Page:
Assassin: A History.
The word assassin is one of the coolest words in the English language. Not that assassinations are cool or anything. but simply the world. I mean, it would look bad ass as a tattoo written in Old English characters. And it evokes such cunning daring maneuvering. Assassins have to plan and take precaution, and move quickly.
It is the most romantic form of Warcraft. The courages manner of leading ‘an army of one’. And the video game Assassin’s Creed isn’t bad either.
But what does assassin really mean. Beyond simply the historic idea of an assassin of the Lee Harvey Oswald kind, the word has an interesting history.
In the 11th century, a group of rebel Ismailis (a Shii sect in Islam) undertook an underground rebellion to overthrow the rival Sunni state of the Seljuk Turks and destroy Sunni Islam. From 1090 the Ismaili rebels established a foothold in the Iranian mountain range of Alamut. They launched raids and killed many amirs. The rebels became to be known as hashishin. This Arabic word gives us the English Assassin. Hashishin = Assassin. But why Hashishin? Because the rebels were believed to use hashish (marijuana) in order to summon the courage to conduct their raids which were very dangerous and often resulted in death.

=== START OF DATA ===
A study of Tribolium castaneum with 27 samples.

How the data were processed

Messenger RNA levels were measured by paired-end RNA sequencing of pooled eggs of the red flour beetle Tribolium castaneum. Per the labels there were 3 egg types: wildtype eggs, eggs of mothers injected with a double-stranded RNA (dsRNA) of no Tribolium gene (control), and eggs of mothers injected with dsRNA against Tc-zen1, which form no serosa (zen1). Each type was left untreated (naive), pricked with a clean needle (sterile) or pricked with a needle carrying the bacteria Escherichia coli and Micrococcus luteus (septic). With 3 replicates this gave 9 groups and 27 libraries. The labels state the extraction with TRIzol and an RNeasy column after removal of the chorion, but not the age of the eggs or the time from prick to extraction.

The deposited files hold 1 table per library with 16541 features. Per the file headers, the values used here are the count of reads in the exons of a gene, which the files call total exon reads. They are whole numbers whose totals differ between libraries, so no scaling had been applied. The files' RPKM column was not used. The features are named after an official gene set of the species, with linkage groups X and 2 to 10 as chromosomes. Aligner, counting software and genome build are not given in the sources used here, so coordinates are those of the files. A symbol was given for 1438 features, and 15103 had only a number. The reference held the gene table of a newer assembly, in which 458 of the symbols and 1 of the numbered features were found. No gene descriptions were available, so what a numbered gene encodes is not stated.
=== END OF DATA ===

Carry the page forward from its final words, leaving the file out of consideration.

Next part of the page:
It makes sense: you need pot to go on a daring mission where you’ll likely die. It is very logical. Smoke a bit, before you continue the revolution. I think there’s an American contemporary to this.
Cool story. But, alas, it is a legend of the Ismaili rebels. A myth. History holds no assassin band that conduct semi-conscious raids in a cloud of smoke. Such a raid would be more humorous, but a lot slower.
Anyhow, there’s where the word derives from.